Basic Foundation Of JavaScript Part 2:(Primitive Data Types)

Welcome back to the continuation of the Basic JavaScript Series (Part-2). In this section, i’m going to be talking about Primitive Data Types.

Primitive Data Type is an important aspect of programming, its one of the building fundamentals on how we write our code in JavaScript. often time its over looked, but its important to understand what they really do.

Every Programming Language could be thought of as consisting a set of primitives, a means of combination of putting things together to create an expression to do something for us. Its important to note, that not everything is an Object. Primitive data types is not an object , has no methods and are immutable.

In JavaScript there are six Primitive Data Types

  • String
  • Number
  • Boolean
  • Null
  • Undefined
  • Symbols


Strings are sequence of character, identified by either single or double quotes. it could be numbers or characters. just like in English or any other subjects we write, things so we can read and understand what we have written. Thats how strings work: A collection of characters written to interpret or communicate something to us in our program. For example, if you build an app, you definitely want people to know what your app does. How will you be able to express that? It is represented using “string”.

Here is a simple illustration.


In JavaScript there are is no difference between floating point numbers, decimal and integers. In JavaScript all are represented as Numbers. Number in JavaScript represents integers, float, hexadecimal, octal or exponential value.Unlike other programming language where, there is a difference between these numbers. There are many operations for numbers, e.g. multiplication *, division /, addition +, subtraction -, etc and to mention but a few.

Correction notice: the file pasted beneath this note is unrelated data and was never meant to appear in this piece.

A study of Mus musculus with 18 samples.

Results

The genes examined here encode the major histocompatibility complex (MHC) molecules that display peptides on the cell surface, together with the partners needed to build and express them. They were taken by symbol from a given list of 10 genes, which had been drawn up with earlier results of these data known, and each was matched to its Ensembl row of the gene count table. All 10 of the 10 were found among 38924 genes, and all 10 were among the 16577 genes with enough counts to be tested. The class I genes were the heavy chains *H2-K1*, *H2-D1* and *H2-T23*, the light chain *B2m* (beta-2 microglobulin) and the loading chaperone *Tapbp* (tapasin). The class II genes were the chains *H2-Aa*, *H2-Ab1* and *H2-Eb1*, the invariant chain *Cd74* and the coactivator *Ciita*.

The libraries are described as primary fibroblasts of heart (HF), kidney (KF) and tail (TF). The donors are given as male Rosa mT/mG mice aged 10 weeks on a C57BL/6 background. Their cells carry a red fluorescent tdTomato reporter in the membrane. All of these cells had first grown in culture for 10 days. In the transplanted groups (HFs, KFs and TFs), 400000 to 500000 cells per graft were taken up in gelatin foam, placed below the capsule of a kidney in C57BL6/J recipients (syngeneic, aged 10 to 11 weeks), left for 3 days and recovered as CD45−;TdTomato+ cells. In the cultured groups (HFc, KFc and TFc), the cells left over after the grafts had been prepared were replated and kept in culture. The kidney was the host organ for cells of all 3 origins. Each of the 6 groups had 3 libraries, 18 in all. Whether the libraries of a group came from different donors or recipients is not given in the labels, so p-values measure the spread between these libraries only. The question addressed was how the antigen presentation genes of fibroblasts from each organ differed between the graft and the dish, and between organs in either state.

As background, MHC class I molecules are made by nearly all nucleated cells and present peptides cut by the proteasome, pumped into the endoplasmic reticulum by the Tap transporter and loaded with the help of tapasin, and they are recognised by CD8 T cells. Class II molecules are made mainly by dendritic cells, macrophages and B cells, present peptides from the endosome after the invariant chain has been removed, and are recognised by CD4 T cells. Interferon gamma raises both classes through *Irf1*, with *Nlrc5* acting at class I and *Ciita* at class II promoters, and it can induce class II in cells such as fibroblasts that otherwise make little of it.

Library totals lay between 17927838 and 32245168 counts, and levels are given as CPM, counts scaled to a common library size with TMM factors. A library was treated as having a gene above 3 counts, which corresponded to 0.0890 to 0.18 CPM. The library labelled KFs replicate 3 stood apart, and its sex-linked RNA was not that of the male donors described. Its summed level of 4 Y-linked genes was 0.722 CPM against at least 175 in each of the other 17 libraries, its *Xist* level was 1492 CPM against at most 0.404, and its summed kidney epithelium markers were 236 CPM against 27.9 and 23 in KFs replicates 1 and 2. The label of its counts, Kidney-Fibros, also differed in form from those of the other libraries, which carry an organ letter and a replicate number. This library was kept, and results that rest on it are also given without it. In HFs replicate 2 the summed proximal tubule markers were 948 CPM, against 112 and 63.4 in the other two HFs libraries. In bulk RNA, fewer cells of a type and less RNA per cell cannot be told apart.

Boolean is only represented with two values true or false. its basically used to control program flow or compare using conditional statements like if..else, switch, while, do..while.


Null basically means absence of a value. For example: There might be a time where you can assign null to a variable to show that, the variable does not have a value, but later on in your code can be assigned a value.

In the above example, null is assigned to a variable assign. However this means a variable was declared but a value has not yet be declared. When this is logged into the console it results in absence of value. Null is also of an object type.

Here is an illustration.

A Null value always results to false in conditional expression. It might not be necessary to make use of comparison operators e.g === or !== to confirm if it’s a null value.


Null and undefined are often been used interchangeably, but it’s important to note that the both are different. Remember null means absence of value. However undefined is when a variable or an object has an undefined value, when no value has been assigned before using it. Undefined simply means lack of value or unknown value.

However, the above example illustrates that the variable assign has not been given a value yet. Which indicates that ‘assign’ lacks a value, which makes it undefined. A method or statement also returns undefined if the variable that is being evaluated does not have an assigned value. A function returns Undefined if a value was not Returned.

The above example illustrates the function num, num does not return any result, even though when reassigned a new variable sum. However, the result will be undefined. Why? Because sum has not been called.

It’s important that when declaring your variable , you assign it a value. Given that if you don’t it will return an error.

Lastly Symbols- Symbol is a primitive data type, it was introduced in ECMAScript 2015. It’s a very unique data type. The symbol value is used as an identifier for object properties; however this is it primary purpose.

That’s a wrap for now!😊

The next series I will be talking about Operators.

Stay tuned!😀





Victoria Agbamoro

Sharing my Interaction Design and writing story, one post at a time.